Tibetan former political prisoner Jigme Gyatso dies in Gansu

Gyatso became a hero among Tibetans after a 2009 video in which he described his brutal treatment in jail.
By Sangyal Kunchok for RFA Tibetan
Tibetan former political prisoner Jigme Gyatso dies in Gansu Jigme Gyatso, also called Jigme Goril, is shown following his release from prison, Oct. 26, 2016.
Citizen journalist via RFA

Prominent Tibetan monk Jigme Gyatso, who was frequently jailed for protests against Chinese rule, died at his home in northwestern China’s Gansu province at the weekend, sources familiar with his situation told RFA.

Jigme Gyatso, a monk at the Labrang Monastery also called Jigme Goril, died Saturday at home in the Kanlho (in Chinese, Gannan) Tibetan Autonomous Prefecture, a former student said.

"During his imprisonment, he has been subjected to severe beatings due to which he has been admitted in hospital for a long time without any sign of improvement,” the former student now living in exile told RFA Tibetan.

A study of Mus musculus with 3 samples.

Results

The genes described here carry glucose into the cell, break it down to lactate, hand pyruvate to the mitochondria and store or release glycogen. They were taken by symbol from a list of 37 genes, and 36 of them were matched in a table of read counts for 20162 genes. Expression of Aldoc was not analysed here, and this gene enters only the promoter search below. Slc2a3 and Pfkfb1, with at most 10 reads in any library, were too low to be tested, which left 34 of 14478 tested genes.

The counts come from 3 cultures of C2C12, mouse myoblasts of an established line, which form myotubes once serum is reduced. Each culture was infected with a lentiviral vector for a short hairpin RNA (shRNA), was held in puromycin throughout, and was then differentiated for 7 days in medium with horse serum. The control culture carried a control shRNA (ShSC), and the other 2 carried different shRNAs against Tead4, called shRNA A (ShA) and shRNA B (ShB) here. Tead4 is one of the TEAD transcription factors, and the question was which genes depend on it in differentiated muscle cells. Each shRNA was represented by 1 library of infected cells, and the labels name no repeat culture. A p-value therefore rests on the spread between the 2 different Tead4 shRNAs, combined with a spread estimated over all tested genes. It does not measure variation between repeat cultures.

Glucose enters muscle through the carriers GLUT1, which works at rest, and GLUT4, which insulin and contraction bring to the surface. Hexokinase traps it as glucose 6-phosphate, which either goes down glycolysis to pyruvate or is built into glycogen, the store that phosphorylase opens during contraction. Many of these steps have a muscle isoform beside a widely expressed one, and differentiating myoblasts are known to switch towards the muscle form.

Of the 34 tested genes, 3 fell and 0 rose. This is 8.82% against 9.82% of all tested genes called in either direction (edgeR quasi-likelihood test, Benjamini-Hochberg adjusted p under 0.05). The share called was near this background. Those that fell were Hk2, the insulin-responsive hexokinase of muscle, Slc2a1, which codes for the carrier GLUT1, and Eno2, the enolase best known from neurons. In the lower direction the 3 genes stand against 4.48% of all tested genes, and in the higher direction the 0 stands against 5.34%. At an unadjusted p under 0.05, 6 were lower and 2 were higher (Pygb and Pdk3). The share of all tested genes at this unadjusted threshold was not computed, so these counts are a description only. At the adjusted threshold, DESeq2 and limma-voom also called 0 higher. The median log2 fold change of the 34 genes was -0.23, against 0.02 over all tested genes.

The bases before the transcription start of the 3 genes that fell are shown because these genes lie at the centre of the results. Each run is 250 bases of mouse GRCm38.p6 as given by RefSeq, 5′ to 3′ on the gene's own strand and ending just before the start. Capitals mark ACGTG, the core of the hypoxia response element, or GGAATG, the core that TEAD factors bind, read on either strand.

No cause of death has been given, but sources said he had been in poor health since his release from prison in 2016.

"Since May his health took the turn for the worse, and he was taken to a medical facility in Xining, Qinghai province, for a long period but without any success.  The Chinese government is trying to block information regarding Gyatso which is why has become extremely difficult to get a recent photo of him," said a source in Tibet.

Previously detained in 2006, 2008 and 2010, Gyatso was again taken into custody in 2011 and handed a five-year prison term by the Kanlho People’s Intermediate Court on a charge of working “to split the nation."

He was released on October 26, 2016, in Lanzhou prison, "but still the Chinese government kept a close watch on him, restricting his movement and his visit to the hospital, depriving him of medications when he needed them," said another source in the region.

Splittism is a charge often brought against Tibetans who assert their national culture and identity or who protest Beijing’s rule in Tibetan areas, where self-immolations and other protests have led to crackdowns by security forces and the arrests of scores of Tibetans.

Gyatso became an instant hero in the Tibetan community after a 2009 video in which he described his brutal treatment in custody was widely circulated on the internet.

Translated by Tenzin Phakdon. Written by Paul Eckert.